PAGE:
Investigators are scrambling to determine how many parents may have lost jobs, custody of their children and more after the owner of an Alabama laboratory was arrested for altering the results of drug and paternity tests.
AL.com reports that Ozark, Ala. police officers charged 36-year-old Brandy Murrah with two counts of forgery after authorities received evidence that someone had forged the results of two drug tests performed by A&J Lab Collections, which is owned by Murrah. Now authorities say that the two cases might just be the tip of the iceberg, alleging that multiple drug screenings may have been changed by Murrah, who, despite all appearances to the contrary, I cannot stress enough—is only 36 years old.
Murrah had a contract with Dale County’s Department of Human Resources Dependency court to perform drugs and paternity test on individuals involved in custody cases, but was not involved in criminal cases. The lab company was paid by the individual or reimbursed by DHR, if the testee could not afford it.
“We have no idea at this time how many people did not get their children back because of Ms. Murrah’s alleged fraudulent reports,” Dale County, Ala., District Attorney Kirke Adams told the Dothan Eagle. “In my opinion, all cases affected by Murrah’s alleged actions must be redone in order to be fair.”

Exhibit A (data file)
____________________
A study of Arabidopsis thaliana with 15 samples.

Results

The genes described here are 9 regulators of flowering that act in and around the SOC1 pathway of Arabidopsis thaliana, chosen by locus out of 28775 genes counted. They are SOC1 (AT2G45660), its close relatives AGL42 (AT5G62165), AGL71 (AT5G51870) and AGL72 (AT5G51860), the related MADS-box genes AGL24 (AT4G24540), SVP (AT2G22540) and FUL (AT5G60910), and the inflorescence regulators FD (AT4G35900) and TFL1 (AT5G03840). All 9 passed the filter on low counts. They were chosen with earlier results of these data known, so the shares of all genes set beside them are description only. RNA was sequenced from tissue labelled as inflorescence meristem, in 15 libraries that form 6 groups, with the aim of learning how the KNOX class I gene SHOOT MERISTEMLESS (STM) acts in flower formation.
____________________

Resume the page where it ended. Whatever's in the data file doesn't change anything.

While this may sound like a routine case, it highlights the immunity to scrutiny that privilege applies. In 2013, Murrah was arrested and subsequently pleaded guilty to five counts of credit card fraud. She was sentenced to three years probation and yet somehow, the woman who was actually convicted of fraud was allowed to handle sensitive screenings that determined the futures of entire families.
The Murrah investigation was prompted after someone’s drug screening turned up positive. The person called the physician who signed the paperwork and the doctor replied that she did not recall signing the drug test for A&J Lab Collections or Murrah. The Ozark Police Department, the Henry County Sheriff’s Office, Dale County District Attorney’s Office, Dale County Department of Human Resources and Dale County court officials are now sifting through the dozens of tests that Murrah’s company completed each month to see how many may have been altered.
“We anticipate a lot,” said Adams.
Murrah is currently out on $2,000 bond.